Tuesday, June 30, 2009

Meeting The Birth Parents

After almost seventeen years of wondering about them, we have met our oldest daughter’s birth family. When our daughter first found out that she would have the opportunity to meet them, the tears came steadily – tears of joy, tears of gratitude, and tears for their grief. I felt overwhelmed when I anticipated the privilege of being able to meet the people who gave my daughter life; the people who gave her life to me. I assumed that the actual meeting would be full of tears, grief and gratitude. When we prepared to leave for the Holt Children’s Services office in Seoul, I packed an extra package of tissue in my purse to make sure that we’d have enough to handle the onslaught of tears I anticipated. The initial meeting, my husband and I, our daughter and her birth parents, took us a bit by surprise and, while there were definitely a few tears and a few anguished cries of grief, they were short lived and the overwhelming feeling turned to joy as we exchanged gifts, looked at pictures and started putting together the pieces of our daughter’s birth story. In all we have met seventeen people in our daughter’s birth family – parents, siblings, a grandmother, aunts, uncles and cousins. We are thrilled to finally have the chance to thank them for the wonderful gift of our daughter; to let them know how much she means to us and to let them see what a wonderful young woman she has become. They seemed to be celebrating the gift of having her back in their lives, of being able to explain the circumstances that led to her adoption, of seeing her loved and happy.

While the two meetings we have had were joyful and interesting, they were not the “fireworks” that I had expected. There were a few tears, but the smiles definitely outnumbered the tears. There was a little grief, but the happiness far outweighed the grief. I have struggled to define my feelings about the two meetings we have had with her birth family. I had expected extreme emotions, intense feelings, but the more accurate description would be the ho-hum of “normal”. It felt normal to meet these people; it felt normal to watch our daughter interact with her siblings; it felt normal to say, ”Thank you,” and to receive back a thank you from them. I talked with a friend about this lack of fireworks and she pointed out that, for us, we’d had our emotional moments when we first found out that the meeting was actually going to happen; then, the meeting itself, became the obvious “normal” next step.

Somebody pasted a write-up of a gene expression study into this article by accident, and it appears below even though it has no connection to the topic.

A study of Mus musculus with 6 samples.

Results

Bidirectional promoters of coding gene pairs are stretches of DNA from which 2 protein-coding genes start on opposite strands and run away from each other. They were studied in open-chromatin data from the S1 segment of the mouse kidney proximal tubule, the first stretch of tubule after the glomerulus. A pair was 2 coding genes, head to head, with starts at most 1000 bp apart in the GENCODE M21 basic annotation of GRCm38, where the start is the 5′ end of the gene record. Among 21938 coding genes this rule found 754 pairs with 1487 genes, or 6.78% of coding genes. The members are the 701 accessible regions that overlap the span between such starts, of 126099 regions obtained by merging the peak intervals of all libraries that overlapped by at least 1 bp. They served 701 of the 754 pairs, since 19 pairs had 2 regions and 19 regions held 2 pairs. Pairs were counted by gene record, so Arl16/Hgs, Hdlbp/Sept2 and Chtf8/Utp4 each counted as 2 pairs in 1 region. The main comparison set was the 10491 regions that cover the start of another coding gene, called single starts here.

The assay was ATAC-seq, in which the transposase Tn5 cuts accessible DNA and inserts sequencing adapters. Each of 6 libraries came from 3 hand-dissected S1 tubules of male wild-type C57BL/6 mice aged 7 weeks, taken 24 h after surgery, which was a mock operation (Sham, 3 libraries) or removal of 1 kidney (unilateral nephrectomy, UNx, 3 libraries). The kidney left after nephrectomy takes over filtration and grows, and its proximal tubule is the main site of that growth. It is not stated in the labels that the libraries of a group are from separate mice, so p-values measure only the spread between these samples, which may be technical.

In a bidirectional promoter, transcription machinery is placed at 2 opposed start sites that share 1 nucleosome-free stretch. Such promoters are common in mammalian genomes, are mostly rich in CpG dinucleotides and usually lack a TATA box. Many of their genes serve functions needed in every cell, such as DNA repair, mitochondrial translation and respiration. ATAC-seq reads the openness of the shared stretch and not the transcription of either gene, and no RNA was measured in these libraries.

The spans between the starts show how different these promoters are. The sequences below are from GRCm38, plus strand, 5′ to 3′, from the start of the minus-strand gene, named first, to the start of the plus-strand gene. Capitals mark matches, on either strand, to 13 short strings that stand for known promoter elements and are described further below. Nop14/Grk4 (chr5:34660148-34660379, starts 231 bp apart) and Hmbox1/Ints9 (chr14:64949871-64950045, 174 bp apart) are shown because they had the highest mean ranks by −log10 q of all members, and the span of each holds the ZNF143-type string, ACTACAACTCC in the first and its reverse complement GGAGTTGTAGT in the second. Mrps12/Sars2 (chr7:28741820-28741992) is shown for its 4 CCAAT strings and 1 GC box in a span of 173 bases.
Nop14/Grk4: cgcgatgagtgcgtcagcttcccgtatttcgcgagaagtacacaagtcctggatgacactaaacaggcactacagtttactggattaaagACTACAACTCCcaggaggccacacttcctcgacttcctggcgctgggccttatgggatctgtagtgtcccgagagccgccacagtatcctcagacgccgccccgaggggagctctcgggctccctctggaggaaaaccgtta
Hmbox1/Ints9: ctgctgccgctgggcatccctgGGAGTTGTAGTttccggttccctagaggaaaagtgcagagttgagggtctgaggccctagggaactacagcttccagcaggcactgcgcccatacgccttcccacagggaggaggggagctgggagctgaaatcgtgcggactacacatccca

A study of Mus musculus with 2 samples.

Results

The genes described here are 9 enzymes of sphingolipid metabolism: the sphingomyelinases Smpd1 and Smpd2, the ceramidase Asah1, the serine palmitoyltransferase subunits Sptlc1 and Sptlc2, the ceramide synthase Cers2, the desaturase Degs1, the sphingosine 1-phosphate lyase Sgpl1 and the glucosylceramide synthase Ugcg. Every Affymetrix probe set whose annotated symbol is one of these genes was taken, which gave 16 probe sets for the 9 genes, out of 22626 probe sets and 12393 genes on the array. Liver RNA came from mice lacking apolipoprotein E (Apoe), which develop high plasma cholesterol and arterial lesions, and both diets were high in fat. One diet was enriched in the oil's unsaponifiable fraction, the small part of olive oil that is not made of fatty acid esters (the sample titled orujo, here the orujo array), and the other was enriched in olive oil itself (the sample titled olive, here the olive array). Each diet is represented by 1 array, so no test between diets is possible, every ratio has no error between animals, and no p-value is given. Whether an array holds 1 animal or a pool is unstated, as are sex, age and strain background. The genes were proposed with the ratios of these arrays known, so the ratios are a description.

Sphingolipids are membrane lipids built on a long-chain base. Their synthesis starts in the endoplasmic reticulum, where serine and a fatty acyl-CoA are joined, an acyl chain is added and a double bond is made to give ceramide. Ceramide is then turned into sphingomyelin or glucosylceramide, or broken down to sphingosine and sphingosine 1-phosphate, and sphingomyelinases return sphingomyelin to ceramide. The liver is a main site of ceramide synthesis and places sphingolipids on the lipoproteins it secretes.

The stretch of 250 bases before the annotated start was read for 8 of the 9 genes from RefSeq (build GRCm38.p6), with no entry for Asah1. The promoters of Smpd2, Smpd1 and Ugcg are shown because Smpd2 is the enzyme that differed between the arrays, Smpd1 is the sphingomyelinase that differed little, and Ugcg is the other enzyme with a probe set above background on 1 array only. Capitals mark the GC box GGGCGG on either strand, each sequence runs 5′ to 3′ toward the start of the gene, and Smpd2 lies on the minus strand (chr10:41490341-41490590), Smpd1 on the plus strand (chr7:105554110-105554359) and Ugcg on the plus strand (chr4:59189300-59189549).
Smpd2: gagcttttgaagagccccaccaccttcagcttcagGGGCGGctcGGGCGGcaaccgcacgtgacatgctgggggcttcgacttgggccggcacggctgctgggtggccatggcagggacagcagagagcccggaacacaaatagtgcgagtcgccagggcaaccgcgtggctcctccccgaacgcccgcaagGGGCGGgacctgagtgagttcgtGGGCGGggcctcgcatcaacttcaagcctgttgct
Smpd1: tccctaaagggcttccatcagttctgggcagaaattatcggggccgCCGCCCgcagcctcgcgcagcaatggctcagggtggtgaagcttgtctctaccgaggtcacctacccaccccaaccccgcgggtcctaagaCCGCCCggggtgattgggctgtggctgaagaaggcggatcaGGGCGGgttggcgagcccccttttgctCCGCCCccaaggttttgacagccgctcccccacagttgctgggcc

It’s true that this is a huge event in our daughter’s life; it’s an event that affects our entire family in one way or another, but it was a normal next step for her and for us. It is certainly the beginning of a new chapter in her life, but how salient that chapter becomes in her overall life story is yet to be seen. I do know that I am thrilled that she is on the bus heading home with us.

3 comments:

helen said...

Debbie I have been waiting anxiously for this meeting. I am very happy that it went so very well. I am happy for you all. We have lived an open adoption for all of Katie's life. I now some folks find our meetings odd, but to use it is normal. Congradulations on now having names to go with the close relative who live in Korea. Your family are world citizens.

Barb in Phoenix said...

Debbie, I feel like I am almost there with you in Korea through your writing. The anxiety you felt on the bus, the emotions during the birth family meeting...all so palpable. Your experience brings to mind-that could be us sometime soon with one of our own kids. Take care and safe travels home. See you at Honeyman.

Kathy said...

Hi Debbie. Barb said so well what I feel too. Thank you for sharing your experience through your blog. We have been eagerly watching to find out how all went. Having made the same trip 3 years ago without meeting birth families, I wonder if some day we will return with that opportunity. I look forward to hearing much more around the campfire at Honeyman. Travel safely.